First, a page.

Plymouth - Part Two

It may be called New Street but it's actually one of the oldest streets in the city. Today there's little evidence of the chaotic scenes that were once commonplace here, but with just a little imagination.....

You should be standing at the top end of New Street. Ironically, this is thought to be the oldest street in Plymouth.

New Street was 'new' in the late 1500's - a time when Plymouth was a prosperous port teaming with sailors, merchants and foreign privateers.  It was at the very heart of the town's commercial and sea going life.

Originally known as Grey Friars Street, it was built by Plymouth's first property developer John Sparke.

Sparke had sailed with Sir John Hawkins and is said to be the first Englishman to bring home and describe tobacco and potatoes.

Today, there's little evidence of the chaotic scenes that were once commonplace here.

Carts full of silver coins, gold bullion and precious jewels - the booty captured from Spanish ships by local heroes like Francis Drake and John Hawkins - would once have been commonplace on this cobbled street.

Two hundred years later, the booty was even more precious. Prisoners of war from wars with France and America were imprisoned here.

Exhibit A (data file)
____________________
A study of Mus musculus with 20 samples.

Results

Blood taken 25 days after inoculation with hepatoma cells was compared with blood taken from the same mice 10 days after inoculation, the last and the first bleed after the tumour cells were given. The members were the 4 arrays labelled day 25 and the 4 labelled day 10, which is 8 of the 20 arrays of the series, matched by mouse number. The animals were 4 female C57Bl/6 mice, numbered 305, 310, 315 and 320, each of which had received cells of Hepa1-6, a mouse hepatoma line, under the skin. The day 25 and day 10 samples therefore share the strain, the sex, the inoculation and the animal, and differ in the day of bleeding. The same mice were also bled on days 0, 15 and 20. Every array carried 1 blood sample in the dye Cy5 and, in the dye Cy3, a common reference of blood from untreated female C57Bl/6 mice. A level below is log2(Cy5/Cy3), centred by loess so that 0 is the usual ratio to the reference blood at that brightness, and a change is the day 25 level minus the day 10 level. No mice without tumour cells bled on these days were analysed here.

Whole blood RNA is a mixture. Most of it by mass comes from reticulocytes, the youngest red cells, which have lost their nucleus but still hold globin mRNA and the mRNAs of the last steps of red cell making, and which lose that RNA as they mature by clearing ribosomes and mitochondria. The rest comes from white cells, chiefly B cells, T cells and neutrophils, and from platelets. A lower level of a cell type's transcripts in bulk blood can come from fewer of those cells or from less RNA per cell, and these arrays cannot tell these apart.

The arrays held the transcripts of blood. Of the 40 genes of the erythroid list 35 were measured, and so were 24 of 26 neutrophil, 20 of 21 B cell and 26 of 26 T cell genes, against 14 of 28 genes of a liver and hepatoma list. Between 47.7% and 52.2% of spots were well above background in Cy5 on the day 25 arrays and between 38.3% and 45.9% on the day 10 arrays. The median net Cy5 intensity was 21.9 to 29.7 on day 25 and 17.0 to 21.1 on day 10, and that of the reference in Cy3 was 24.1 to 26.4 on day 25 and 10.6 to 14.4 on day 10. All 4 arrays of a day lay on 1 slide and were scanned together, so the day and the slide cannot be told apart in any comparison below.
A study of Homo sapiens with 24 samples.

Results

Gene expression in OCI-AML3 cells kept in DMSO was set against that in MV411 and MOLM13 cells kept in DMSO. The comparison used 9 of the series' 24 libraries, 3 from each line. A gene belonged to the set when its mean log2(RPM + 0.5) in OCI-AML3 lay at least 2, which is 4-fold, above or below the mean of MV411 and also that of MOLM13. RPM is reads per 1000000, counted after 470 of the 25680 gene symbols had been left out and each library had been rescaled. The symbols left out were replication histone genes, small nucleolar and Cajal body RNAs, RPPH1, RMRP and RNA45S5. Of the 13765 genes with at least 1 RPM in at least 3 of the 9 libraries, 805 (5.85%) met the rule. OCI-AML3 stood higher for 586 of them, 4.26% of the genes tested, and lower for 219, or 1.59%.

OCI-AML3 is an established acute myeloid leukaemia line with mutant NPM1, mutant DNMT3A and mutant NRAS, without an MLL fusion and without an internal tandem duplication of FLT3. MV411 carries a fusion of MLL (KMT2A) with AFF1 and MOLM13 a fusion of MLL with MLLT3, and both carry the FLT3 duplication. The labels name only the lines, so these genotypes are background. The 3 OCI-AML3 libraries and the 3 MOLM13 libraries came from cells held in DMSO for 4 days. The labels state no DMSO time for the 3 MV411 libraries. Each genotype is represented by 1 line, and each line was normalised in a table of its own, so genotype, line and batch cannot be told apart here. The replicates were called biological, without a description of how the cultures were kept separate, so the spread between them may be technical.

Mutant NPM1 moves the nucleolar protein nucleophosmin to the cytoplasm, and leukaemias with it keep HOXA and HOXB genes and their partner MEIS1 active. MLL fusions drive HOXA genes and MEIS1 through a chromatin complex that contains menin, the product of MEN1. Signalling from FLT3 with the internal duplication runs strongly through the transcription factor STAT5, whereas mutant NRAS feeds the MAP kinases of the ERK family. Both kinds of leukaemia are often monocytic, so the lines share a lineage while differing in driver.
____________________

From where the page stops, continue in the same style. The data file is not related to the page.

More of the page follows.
They'd be herded into the dark cellars of the warehouses along New Street, where they were kept prisoner until a place was found for them in a nearby prison or hulk.

Today you can still look down at the cobbles at the side of the street, and you'll see just a hint of the past. The ruts there were made by the carts,  as they carried their precious goods through the street, day after day.

If you want to take a further look at the heart of Plymouth's Old Town, go down New Street. At the far end you'll find an original timber framed Elizabethan House and several warehouses little changed from how they were 150 year ago.

Several of these warehouses were built during the Napoleonic Wars when Plymouth was a port where captured ships, their cargoes and the spoils of war were auctioned.

In New Street you will also find a beautiful walled city garden - the perfect spot for a bit of peace and quiet away from the hustle and bustle of the city. It's a recreation of an Elizabethan garden using old plant varieties.

It's important that you come back to the top of New Street, to head on to the next point. You'll be walking up the steps close to where Friars Lane meets New Street. At the top of the steps turn left along Lambhay Hill, towards the high walls of the Royal Citadel.

Remember, to keep on track, you'll need  to keep the Citadel walls on your left as you continue the walk.